I have very mixed feelings about the ordination of women.
In principle I agree with it – but in practice I have misgivings about the women priests and ministers I have met.
What I am trying to say is that we should have women priests – but they should not be CLERICS!
The background to most of the RC church’s problems is to be found in CLERICS and CLERICALISM.
Jesus founded a very community based church – and the leaders in it, like Jesus himself, were SERVANTS and not MASTERS. He said: “I came to serve and not to be served. He
But he was hardly gone away when the men in the community began to emerge as a ruling class.
That was worsened when the RC crowd threw in their lot with the emperor and you had a ready made establishment which has grown ever more power hungry by the day and year.
ry mixed feelings about the ordination of women.
“The word “Cleric” comes from the ecclesiastical Latin Clericus, for those belonging to the priestly class. In turn, the source of the Latin word is from the Ecclesiastical Greek Clericus, meaning appertaining to an inheritance, in reference to the fact that the Levitical priests of the Old Testament had no inheritance except the Lord. “Clergy” is from two Old French words, clergié and clergie, which refer to those with learning and derive from Medieval Latin clericatus, from Late Latin clericus (the same word from which “cleric” is derived). “Clerk”, which used to mean one ordained to the ministry, also derives from clericus. In the Middle Ages, reading and writing were almost exclusively the domain of the priestly class, and this is the reason for the close relationship of these words. Within Christianity, especially in Eastern Christianity and formerly in Western Roman Catholicism, the term cleric refers to any individual who has been ordained, including deacons, priests, and bishops. In Latin Roman Catholicism, the tonsure was a prerequisite for receiving any of the minor orders or major orders before the tonsure, minor orders, and the subdiaconate were abolished following the Second Vatican Council. Now, the clerical state is tied to reception of the diaconate. Minor Orders are still given in the Eastern Catholic Churches, and those who receive those orders are ‘minor clerics.'
The use of the word “Cleric” is also appropriate for Eastern Orthodox minor clergy who are tonsured in order not to trivialize orders such as those of Reader in the Eastern Church, or for those who are tonsured yet have no minor or major orders. It is in this sense that the word entered the Arabic language, most commonly in Lebanon from the French, as kleriki (or, alternatively, cleriki) meaning “seminarian.” This is all in keeping with Eastern Orthodox concepts of clergy, which still include those who have not yet received, or do not plan to receive, the diaconate.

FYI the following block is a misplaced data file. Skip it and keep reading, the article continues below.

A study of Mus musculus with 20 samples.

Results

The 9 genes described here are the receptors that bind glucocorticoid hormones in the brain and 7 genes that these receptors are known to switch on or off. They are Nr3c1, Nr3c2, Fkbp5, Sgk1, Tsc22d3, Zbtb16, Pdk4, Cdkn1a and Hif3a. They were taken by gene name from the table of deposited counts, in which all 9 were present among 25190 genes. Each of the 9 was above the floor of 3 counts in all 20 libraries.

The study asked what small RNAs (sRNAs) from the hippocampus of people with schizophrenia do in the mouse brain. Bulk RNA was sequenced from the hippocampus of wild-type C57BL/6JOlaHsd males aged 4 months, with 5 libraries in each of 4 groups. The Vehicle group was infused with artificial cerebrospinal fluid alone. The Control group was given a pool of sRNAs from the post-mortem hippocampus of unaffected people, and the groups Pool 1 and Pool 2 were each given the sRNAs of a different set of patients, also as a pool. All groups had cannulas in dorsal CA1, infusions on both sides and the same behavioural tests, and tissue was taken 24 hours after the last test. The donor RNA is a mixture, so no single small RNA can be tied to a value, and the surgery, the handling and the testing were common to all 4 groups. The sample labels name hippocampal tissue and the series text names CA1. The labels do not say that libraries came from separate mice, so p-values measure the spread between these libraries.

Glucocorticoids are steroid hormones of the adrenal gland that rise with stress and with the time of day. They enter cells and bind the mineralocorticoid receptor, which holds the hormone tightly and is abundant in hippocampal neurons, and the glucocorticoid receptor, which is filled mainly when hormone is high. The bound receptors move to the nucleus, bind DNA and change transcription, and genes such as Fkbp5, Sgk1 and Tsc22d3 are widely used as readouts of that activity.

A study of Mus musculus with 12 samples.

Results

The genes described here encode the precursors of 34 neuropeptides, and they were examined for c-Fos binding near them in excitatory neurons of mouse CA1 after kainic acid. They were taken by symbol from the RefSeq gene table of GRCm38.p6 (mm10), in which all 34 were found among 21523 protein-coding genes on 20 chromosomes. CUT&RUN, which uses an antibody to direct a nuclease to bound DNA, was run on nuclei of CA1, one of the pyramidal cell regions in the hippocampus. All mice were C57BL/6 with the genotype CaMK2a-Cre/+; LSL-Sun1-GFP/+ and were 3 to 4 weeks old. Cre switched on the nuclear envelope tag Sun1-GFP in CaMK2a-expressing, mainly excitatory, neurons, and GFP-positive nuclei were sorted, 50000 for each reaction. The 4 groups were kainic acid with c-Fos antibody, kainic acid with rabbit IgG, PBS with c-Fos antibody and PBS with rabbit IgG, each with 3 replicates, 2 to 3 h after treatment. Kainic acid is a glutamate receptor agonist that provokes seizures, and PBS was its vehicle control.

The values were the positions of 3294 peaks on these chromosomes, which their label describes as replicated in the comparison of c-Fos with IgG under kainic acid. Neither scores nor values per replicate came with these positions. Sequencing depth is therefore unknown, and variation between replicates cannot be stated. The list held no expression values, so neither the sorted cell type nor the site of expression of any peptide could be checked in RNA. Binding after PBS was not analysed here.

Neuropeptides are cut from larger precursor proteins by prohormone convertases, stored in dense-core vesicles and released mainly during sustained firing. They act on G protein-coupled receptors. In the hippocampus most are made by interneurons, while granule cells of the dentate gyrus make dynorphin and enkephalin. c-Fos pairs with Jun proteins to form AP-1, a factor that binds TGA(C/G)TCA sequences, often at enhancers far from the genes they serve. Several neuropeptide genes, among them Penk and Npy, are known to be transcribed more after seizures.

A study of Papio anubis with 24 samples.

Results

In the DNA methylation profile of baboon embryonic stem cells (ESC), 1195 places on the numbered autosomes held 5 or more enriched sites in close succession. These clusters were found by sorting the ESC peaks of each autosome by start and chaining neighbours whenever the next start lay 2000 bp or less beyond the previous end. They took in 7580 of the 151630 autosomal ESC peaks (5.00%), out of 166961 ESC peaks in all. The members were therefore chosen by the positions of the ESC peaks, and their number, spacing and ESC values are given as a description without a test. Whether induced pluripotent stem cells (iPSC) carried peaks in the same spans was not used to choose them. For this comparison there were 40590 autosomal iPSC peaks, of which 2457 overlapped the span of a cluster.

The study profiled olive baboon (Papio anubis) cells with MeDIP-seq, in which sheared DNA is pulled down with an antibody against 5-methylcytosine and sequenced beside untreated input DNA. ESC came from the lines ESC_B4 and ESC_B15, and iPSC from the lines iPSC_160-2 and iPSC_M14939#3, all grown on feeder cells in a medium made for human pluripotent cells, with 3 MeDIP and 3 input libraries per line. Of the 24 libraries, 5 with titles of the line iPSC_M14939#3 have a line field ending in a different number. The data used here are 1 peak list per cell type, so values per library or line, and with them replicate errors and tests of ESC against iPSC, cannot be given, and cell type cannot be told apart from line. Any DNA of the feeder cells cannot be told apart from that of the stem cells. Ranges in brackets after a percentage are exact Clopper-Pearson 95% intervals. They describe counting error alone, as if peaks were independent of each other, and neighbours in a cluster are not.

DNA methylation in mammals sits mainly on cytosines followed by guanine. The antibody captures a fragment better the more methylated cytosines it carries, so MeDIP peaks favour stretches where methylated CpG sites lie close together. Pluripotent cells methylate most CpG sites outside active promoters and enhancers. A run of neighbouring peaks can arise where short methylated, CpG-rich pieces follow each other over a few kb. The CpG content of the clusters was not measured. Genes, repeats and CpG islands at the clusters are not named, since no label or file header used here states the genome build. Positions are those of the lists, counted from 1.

A priesthood is a body of priests, shamans, or oracles who have special religious authority or function. The term priest is derived from the Greek presbyter (πρεσβύτερος, presbýteros, elder or senior), but is often used in the sense of sacerdos in particular, i.e., for clergy performing ritual within the sphere of the sacred or numinous communicating with the gods on behalf of the community. instructed his disciples to follow that model of servanthood”. (Wikipedia)
I believe that the development of “priests” becoming “clerics” has done a disfavour to the church.
The priest/pastor/minister is the servant of the church community. The cleric, with its various and ascending ranks has led to ambition, abuse of power, sense of entitlement, corruption, etc.
We have too many “clerics” as it is – and we do not want to add women clerics to the cleric catalogue.
The whole notion of cleric needs to be abolished and also the great divide between clerics and laity.
One way to do this might be to go back to the Pauline doctrine of priests having a regular day job or profession – earning his own keep – serving the community voluntarily at evenings and weekends.
In a way this is how we operate at The Oratory. Our priests are self financing by being is work and serve the community when not in the regular work. Our priests have and do work as teachers, social workers, youth workers, addiction counselling etc. They get no income from The Oratory Society.
For 33 years I have, as well as being a priest and bishop, have worked as a journalist and columnist for which I was well paid and which I was able to fit my ministry around. I have also done voluntary work with cancer patients. And of course I get fees and donations for weddings – religious and non religious.
The women priests and ministers I have met dressed up like male clerics and were just as bossy and bullying as their male counterparts. That was because they were clerics in full time church employment.
The ordination of women needs to be done in the context of a non clerical structure.
The last thing we need is bullying and ambitious female deacons, priests and bishops.
It would make a bad situation worse.